As Jordan continues to struggle with a rising budget deficit, officials hope a second grant from Saudi Arabia will help overcome a financial crisis.
On Monday (July 25th) Saudi Arabia provided Jordan a grant of $1 billion, in addition to a $400 million grant it provided earlier this year. Jordan's economy is strained because of high oil prices, the increased cost of fuel subsidies and the interruption of Egyptian natural gas supplies.
Jordan's King Abdullah II sent a letter of appreciation to Saudi King Abdullah bin Abdul Aziz, acknowledging Saudi Arabia's assistance to Jordan during a difficult economic period.
Dr. Mohamed al Halayka, head of the international affairs committee in the Jordanian parliament, said the latest Saudi grant will help solve Jordan's financial problems at a time when the fiscal deficit has reached its highest levels.
The deficit in the first five months of 2011 reached 46 million dinars ($64 million). The figure is likely to rise with the interruption in the supply of Egyptian gas to Jordan, which is causing a loss of $5 million per day.
Fouad Krishan, a professor of economics and development at Al-Hussein Bin Talal University, said Jordan is unable to pay for any new financial deficits through borrowing because public debt has reached dangerous levels. The debt reached 12 billion dinars ($17 billion) by the end of May 2011.
Jordanian law sets a ceiling on public debt at 60% of gross domestic product, and it is now nearly 58%.
Halayka said Saudi Arabia is Jordan's largest economic partner, "which includes financial support and grants, Saudi investments and trade, and travel activity at the borders".
He said the grants will help eliminate Jordan's budget deficit, solving a problem that has been growing since the beginning of 2011.
According to data from the Jordanian Department of Statistics, the volume of Jordanian exports to Saudi Arabia reached 172 million dinars ($242 million). Imports from Riyadh were valued at 1,253 billion dinars ($1.766 billion) as of May 2011.
Saudi investments are at the top of the list of investors on the Amman Stock Exchange. These investments are valued at 1,234 billion dinars ($1.73 billion), constituting 6% of the total value of shares listed on the exchange.
Dr. Mohammad Abu Hammour, Jordan's Minister of Finance, said in a statement Wednesday (July 27th) that the grants will help Jordan cope with its economic difficulties. Economic stagnation in the region, combined with the repercussions of the global recession, contributed to a decline in tourism revenue and lower remittances from Jordanians working abroad. The kingdom is also reeling from a reduction in its reserves of foreign currencies, higher unemployment, higher costs for oil imports, and increased public debt.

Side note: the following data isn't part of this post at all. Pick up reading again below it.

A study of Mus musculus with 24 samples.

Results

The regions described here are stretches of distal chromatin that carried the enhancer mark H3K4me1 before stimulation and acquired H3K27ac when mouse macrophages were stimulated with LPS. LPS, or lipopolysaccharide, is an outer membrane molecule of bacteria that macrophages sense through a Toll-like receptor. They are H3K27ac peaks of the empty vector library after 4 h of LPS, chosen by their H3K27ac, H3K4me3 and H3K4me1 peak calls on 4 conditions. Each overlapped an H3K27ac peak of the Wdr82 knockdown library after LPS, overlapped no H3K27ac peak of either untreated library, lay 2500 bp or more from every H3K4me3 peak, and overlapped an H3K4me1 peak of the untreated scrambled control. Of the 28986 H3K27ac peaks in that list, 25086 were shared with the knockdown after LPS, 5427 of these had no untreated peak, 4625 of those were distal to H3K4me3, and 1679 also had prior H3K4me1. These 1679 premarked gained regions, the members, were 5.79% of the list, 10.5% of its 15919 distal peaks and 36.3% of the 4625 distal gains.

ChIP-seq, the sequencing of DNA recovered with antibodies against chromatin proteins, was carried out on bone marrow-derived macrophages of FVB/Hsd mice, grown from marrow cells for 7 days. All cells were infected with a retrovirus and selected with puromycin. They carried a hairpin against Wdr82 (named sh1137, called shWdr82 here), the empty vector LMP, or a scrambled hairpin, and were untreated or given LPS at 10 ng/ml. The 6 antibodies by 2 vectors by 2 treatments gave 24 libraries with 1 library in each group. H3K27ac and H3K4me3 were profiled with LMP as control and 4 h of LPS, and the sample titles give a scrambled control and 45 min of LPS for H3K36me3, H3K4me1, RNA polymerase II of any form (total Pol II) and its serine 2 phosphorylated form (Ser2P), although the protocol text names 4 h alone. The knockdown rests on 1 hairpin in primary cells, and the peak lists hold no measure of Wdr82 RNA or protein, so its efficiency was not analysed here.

He added that the interruption of Egyptian gas and the transition to heavy fuel oil and diesel fuel to generate electricity also led to heavy losses for electricity companies.
Thabet Alwor, an economic expert, said the grants are "an antidote to the deepening financial crisis that struck Jordan's budget since the beginning of 2011. It led to a reduction in capital projects, an increase in the cost of subsidising oil derivatives, commodities and electricity, a slowdown in new investments, and a decline in tourism revenues".
Regarding relations between Jordan and Saudi Arabia, Salim Gedeon, former head of the association of transport companies, said, "Riyadh is the most prominent strategic trade partner in terms of the volume of goods cleared in transit." He noted that Saudi Arabia is the gateway for Jordan to the Gulf countries, and the movement of goods between the two sides is very efficient.
Saudi Arabia is supporting Jordan's candidacy for membership in the Gulf Co-operation Council. Nasser Judeh, Jordan's foreign minister, announced he would begin talks next week on the issue in Riyadh.